Dear Entertainment Industry,
I woke up this morning to a tide of 'leaked' videos and pictures from the set of the Suicide Squad movie. Now I have no particular interest in this film but I get more passionate about leaked content and excessive advertising of products. The public is inundated with constant tidbits to keep them interested across periods of time which often amount to over a year and it has become very tiring.
Of course not all of these are intentional and it is sad to think that paparazzi will be lingering around films sets and locations in order to sell some photographs or footage.
The Suicide Squad movie seems like the perfect example of this, as constant bits of information and footage from filming is being shown. If someone was to actively follow this then chances are they'd see half of the movie before it was even released. I don't know what has happened in recent years but it feels as though someone has read an 'Advertising For Dummies' book and is throwing everything at the public to ensure interest is maintained in a project.
For me this is insulting not only to our intelligence but also a massive spoiler for the films and projects that we are interested in. It's as if you think we don't have a long-term memory and therefore repeat everything back at us at regular intervals to ensure we haven't missed anything. The number of American TV shows that recap whats happened in the show before the commercial break...this ends up taking up a third of the show's time!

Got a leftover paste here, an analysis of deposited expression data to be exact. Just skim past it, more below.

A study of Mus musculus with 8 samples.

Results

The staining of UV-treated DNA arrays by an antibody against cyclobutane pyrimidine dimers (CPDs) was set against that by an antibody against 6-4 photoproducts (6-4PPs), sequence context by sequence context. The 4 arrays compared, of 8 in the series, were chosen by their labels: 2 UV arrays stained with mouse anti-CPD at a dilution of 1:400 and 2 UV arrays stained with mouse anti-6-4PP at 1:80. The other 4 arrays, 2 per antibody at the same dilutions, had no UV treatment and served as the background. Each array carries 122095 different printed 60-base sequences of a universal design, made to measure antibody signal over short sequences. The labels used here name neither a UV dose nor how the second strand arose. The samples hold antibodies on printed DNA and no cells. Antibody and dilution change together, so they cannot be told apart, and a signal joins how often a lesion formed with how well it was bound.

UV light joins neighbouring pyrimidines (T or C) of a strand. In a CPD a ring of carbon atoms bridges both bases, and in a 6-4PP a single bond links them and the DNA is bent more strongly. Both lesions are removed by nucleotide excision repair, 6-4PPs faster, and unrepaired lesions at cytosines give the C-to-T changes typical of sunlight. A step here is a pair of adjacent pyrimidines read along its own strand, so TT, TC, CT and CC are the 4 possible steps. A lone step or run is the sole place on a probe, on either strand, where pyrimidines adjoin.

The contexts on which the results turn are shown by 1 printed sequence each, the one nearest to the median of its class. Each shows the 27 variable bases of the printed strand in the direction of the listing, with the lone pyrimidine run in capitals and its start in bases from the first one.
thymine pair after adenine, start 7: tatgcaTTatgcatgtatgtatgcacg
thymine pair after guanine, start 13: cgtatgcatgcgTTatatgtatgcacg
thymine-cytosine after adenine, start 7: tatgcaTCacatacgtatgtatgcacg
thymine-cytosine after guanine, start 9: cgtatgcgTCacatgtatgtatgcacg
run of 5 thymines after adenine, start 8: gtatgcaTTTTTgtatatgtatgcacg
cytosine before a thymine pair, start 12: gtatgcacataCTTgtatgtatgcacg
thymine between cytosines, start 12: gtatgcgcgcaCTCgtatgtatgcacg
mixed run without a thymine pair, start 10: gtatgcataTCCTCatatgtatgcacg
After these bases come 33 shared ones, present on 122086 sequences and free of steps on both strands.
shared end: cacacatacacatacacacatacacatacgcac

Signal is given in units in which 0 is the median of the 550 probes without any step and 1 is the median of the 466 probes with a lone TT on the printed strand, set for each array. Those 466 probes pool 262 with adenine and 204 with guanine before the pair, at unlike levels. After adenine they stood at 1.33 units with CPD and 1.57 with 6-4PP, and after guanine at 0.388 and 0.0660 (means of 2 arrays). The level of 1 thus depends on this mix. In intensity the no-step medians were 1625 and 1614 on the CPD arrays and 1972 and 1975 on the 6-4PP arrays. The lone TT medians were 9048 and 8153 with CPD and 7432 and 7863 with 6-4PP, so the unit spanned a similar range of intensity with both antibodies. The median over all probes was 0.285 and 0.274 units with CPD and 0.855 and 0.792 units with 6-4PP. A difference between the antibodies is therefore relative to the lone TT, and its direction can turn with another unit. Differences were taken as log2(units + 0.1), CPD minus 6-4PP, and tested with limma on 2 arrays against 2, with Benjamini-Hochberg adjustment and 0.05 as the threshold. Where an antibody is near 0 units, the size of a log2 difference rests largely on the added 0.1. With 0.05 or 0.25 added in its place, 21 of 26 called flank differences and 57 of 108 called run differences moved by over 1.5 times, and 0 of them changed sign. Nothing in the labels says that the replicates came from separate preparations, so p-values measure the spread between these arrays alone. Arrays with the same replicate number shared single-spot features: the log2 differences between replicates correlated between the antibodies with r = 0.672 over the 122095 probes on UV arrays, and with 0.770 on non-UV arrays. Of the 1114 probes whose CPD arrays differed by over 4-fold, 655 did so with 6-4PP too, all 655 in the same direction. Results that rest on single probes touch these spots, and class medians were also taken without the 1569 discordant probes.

The public is now used to seeing up to 4 different film trailers before the film is actually released and if you are actually interested in the film then this becomes a big spoiler. In fact so many trailers are two and a half minutes long and actually give away the entire plot of the film! You could easily just watch the trailer and have a confident conversation about the film without even watching it.
Another odd response to saturating people with content is that sometimes film studios create additional footage to put in trailers and then when these cool bits aren't in the film then you feel particularly confused?!
As a result of all this I think I am going to adopt one of my friend's policies and this is to ignore any kind of advertising for something I am interested in. Unfortunately this means I am going to have to avoid a large area of the internet that I like to spend time searching. But at least it will mean I go into the cinema without expectations or knowing big plot spoilers. Lets just hope that enough people feel the same and grow tired of being treated like memory-less fools so that you'll add a bit of mystery back to the movie industry.